David Haye has talked a lot since turning heavyweight, but has yet to back it up. Is his reputation suffering? (via <a href=""></a>)
David Haye has talked a lot since turning heavyweight, but has yet to back it up. Is his reputation suffering? (via
Scott Christ is the managing editor of Bad Left Hook and has been covering boxing for SB Nation since 2006.

With the news coming out yesterday that David Haye bailed on a fight with Vitali Klitschko for September 12 to take a shot at 7-foot Nikolai Valuev in November, I'm starting to wonder where Haye's reputation is at. Let's recap his career since he fully went up to heavyweight last year:

  1. Rampaged over a half-shot Monte Barrett, which was fine. Barrett was a good first heavyweight test. He isn't the fighter he once was, but he's a fringe contender still and came out ready to let his hands go. He couldn't deal with Haye's power, simple as that.
  2. Talked crazy trash about both Klitschkos, particularly Wladimir.
  3. SIgned to fight Wladimir on June 20 of this year, then skipped out claiming an injury in camp. Some said it was legit, others had their doubts. I have no idea what the real story was, so don't ask me.
  4. Signed to fight Vitali on September 12. Huge arena in Germany again, a 55,000-seat venue. Great fight on paper, everyone excited.
  5. Bailed. Signed to fight Valuev instead, a far less intriguing fight and a decision that kind of makes Haye look like a punk.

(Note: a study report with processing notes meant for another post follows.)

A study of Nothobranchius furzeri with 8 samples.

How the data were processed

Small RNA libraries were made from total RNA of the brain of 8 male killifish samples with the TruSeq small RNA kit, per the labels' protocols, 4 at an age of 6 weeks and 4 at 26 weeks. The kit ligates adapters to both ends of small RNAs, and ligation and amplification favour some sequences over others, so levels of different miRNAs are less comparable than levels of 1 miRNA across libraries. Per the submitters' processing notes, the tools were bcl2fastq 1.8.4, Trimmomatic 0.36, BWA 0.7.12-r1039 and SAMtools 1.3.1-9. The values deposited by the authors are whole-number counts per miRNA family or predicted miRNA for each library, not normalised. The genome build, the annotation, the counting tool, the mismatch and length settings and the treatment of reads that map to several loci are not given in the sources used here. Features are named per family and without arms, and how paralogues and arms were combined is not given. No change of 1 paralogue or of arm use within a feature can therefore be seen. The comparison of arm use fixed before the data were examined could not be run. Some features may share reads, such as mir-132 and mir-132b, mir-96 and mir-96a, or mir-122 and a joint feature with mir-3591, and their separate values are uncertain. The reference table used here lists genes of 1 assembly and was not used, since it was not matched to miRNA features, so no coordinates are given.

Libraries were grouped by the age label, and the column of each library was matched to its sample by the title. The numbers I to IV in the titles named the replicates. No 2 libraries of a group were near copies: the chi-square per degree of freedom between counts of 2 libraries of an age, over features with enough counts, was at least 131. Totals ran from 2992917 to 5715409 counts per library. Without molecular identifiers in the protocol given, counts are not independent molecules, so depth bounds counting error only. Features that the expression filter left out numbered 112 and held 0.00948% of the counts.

I think Dan Rafael of ESPN summed it up nicely in his latest blog entry:

[I]t may turn out to be a smart move because Haye has a way, way, way better chance to beat Valuev than Klitschko. After all, Valuev couldn't deal with the movement of the ancient Evander Holyfield, who is much slower, much older and not nearly the puncher that Haye is.

But the way Haye dealt with Klitschko was pathetic. Had Haye simply taken one deal over the other without all the drama, that would be one thing. No problem.

Instead, he strung Klitschko along for weeks while talking crap about him -- and his brother, Wladimir Klitschko, before bailing on him, too, last month -- only to double-deal behind his back and then pull out of a fight that had been agreed upon. I talked to [Haye's manager/trainer Adam] Booth, and frankly, I didn't believe him when he said they didn't have a deal. His story sounded like the dog had eaten his homework. I've followed this process every step of the way, and I believe Klitschko's team of Bernd Boente and Shelly Finkel when they say they had a deal. Say what you want about them, but they are professionals, they've negotiated a zillion fights, and they made a compelling case that the deal was done.

Haye is as marketable as he is -- and he's no giant superstar or anything, at least outside of England -- in large part because he talks trash and has a very exciting style in the ring. The prospect of one of the Klitschkos facing a hard-punching, athletic, quick guy who's in great shape was really exciting for a lot of us. And Haye made it even more fun by even sometimes going a bit overboard with his PR stunts and trash talk.

Haye made us want to see those fights. Now he's backed out twice to fight a guy nobody wants to see.

What's your current feeling on David Haye?